BMW has successfully set the benchmark for prestige motoring since the 1980s, creating a standard now fiercely contested by other manufacturers such as Mercedes-Benz, Audi and Lexus. Meanwhile, the group has diversified. Having finally pulled the plug on a disastrous 1990s dalliance with Rover, the group now offers only the enormously successful relaunched Mini at the lower end of its range, and ultra-prestige Rolls-Royce marque at the top. Just as important has been the expansion of the core BMW marque with new models including the entry-level 1 series, the hugely popular X-series SUV range, and high-performance hybrid and all-electric BMW i. The group claims to be the local leader in Europe in sales of electrified vehicles, and the global leader in plug-in hybrids. It is also the only volume automobile manufacturer to concentrate exclusively on the premium passenger car sector (although it also keeps a toehold in premium motorcycles as well with BMW Motorrad). This concentration has allowed performance to soar, largely unencumbered by the continuing drag effect of the struggling European mass-market automobile sector. Volume sales have hit new highs every year since 2011, coming in just under 2.5m vehicles in 2018, including 2.1m for the main BMW brand. However, that figure was still slightly below Mercedes-Benz. BMW originally overtook its arch-rival in global sales in 2005, but the older brand fought back successfully, moving back into pole position in 2016. China is now BMW Group's single biggest market for unit sales, accounting for more than a quarter of deliveries; almost as much as the next two biggest markets - the US and Germany - combined. The X SUV series, now six models strong, accounts for almost 40% of all units sold; however the individual top-selling models are the 5 series and 3 series sedans at 383k and 366k units respectively. Group revenues were €97.5bn, with net profit of €7.2bn; both figures were down slightly on the year before. Harald Krueger is executive chairman, but said in 2019 he will step down at the end of his contract. His successor is Oliver Zipse, formerly head of production. Though publicly quoted, BMW Group is still 47% controlled by the Quandt family, Germany's richest with a combined wealth of almost $41bn.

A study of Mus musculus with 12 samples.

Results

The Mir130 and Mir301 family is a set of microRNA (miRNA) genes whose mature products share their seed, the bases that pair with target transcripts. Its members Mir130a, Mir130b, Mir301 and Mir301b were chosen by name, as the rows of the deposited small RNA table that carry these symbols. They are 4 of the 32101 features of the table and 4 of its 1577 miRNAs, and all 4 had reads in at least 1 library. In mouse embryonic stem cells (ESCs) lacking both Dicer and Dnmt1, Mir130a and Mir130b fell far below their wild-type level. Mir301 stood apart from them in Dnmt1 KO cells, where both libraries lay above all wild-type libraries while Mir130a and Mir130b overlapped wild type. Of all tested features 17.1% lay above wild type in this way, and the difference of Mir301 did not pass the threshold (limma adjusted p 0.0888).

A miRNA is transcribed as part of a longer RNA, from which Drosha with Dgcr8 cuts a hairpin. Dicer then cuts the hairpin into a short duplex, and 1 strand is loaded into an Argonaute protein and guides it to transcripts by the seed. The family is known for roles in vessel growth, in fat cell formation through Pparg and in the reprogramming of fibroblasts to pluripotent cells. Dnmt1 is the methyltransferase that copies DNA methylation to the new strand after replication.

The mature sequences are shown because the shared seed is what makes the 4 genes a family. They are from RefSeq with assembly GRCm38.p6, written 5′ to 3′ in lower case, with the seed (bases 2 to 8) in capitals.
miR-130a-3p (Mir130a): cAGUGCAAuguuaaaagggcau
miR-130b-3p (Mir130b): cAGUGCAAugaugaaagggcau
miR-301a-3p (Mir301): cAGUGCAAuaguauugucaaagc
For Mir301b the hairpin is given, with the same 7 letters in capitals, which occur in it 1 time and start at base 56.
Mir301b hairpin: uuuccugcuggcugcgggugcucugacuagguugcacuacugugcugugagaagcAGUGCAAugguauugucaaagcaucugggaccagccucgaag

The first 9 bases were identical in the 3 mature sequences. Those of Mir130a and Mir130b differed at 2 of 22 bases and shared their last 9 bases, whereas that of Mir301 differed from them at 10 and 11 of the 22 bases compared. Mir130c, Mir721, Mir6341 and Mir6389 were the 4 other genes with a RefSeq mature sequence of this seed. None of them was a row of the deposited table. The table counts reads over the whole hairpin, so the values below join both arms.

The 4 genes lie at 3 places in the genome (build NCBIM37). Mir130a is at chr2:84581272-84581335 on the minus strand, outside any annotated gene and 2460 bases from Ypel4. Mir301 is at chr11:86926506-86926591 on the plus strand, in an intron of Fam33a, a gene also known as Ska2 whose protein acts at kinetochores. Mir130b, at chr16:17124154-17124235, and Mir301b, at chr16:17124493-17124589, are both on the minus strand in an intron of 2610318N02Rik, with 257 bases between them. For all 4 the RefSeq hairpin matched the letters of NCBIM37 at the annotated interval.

Capsule checked 19th October 2018
Adbrands Daily Update 2nd Oct 2019: "The Small Escape". November marks the 30th anniversary of the dismantling of the Berlin Wall, and a number of German advertisers are planning to celebrate that milestone. BMW gets in early with this fine cinematic-style drama from Jung von Matt (surely earning themselves some extra points towards the carmaker's new account review). It's odd to think now that BMW ever made bubble cars like the tiny Isetta, originally licensed from an Italian manufacturer rather than built in-house. Few post-war German families could afford a real car, so bubble cars like this, built around a motorcycle engine, were really the only affordable solution. And this is actually a true story about Klaus-Gunter Jacobi - now a guide at the Berlin Wall Museum - who helped several friends escape from East Germany in his modified car.
Adbrands Daily Update 26th Sep 2019: As had been anticipated for several months, BMW's marketing chief Jens Thiemer launched what could end up as a root-and-branch review of the carmaker's marketing roster. The review will commence in Europe, according to German trade source HorizonT, but then roll out globally. BMW currently works with several different local partners across the region. Serviceplan and Jung von Matt are the main incumbents in Germany and some other countries, but BMW also works with multiple other agencies including FCB and TBWA. At his previous employer Mercedes-Benz, Thiemer was responsible for allocating lead status to newly created German agency Antoni with regional support from a dedicated Publicis entity. Thiemer is being advised by consultancy KPMG and also the former Ogilvy Germany and Jung von Matt leader Thomas Strerath.
Adbrands Social Media 12th Aug 2019: "Choose Your X". German agency Serviceplan's hold on the global BMW account keeps getting stronger. We've noted before how this independent group has planted strategic outposts in multiple smaller markets, not just in Europe but elsewhere also, to give it greater clout with multinational clients. And with creative like this, it poses a considerable threat to rival local incumbents. This new campaign for BMW's revamped x1 and x6 models could easily have originated in the US, and were it not for the foreign numberplates, would just as easily air there. We said it before: watch out big boys, the Germans are coming!
Adbrands Social Media 22nd May 2019: "The Last Day". Dieter Zetsche is one of Germany's corporate superstars, and something close to a household name, not least because of his signature handlebar moustache. He is the man who has led automotive giant Daimler since 2006, and who oversaw the remarkable resurrection of the Mercedes-Benz brand. This week he retired from executive duties (becoming instead chairman of Daimler's supervisory board). Arch-rival BMW overtook Mercedes as the world's top luxury car brand in 2006, but were themselves pushed back into second place again in 2016. The two companies' rivalry burns as brightly as ever, but so does their mutual respect. The Munich carmaker has released this generous and charming tribute to their former nemesis, courtesy of Jung von Matt. It's the prestige equivalent of a bumper sticker that says "My other car is a BMW".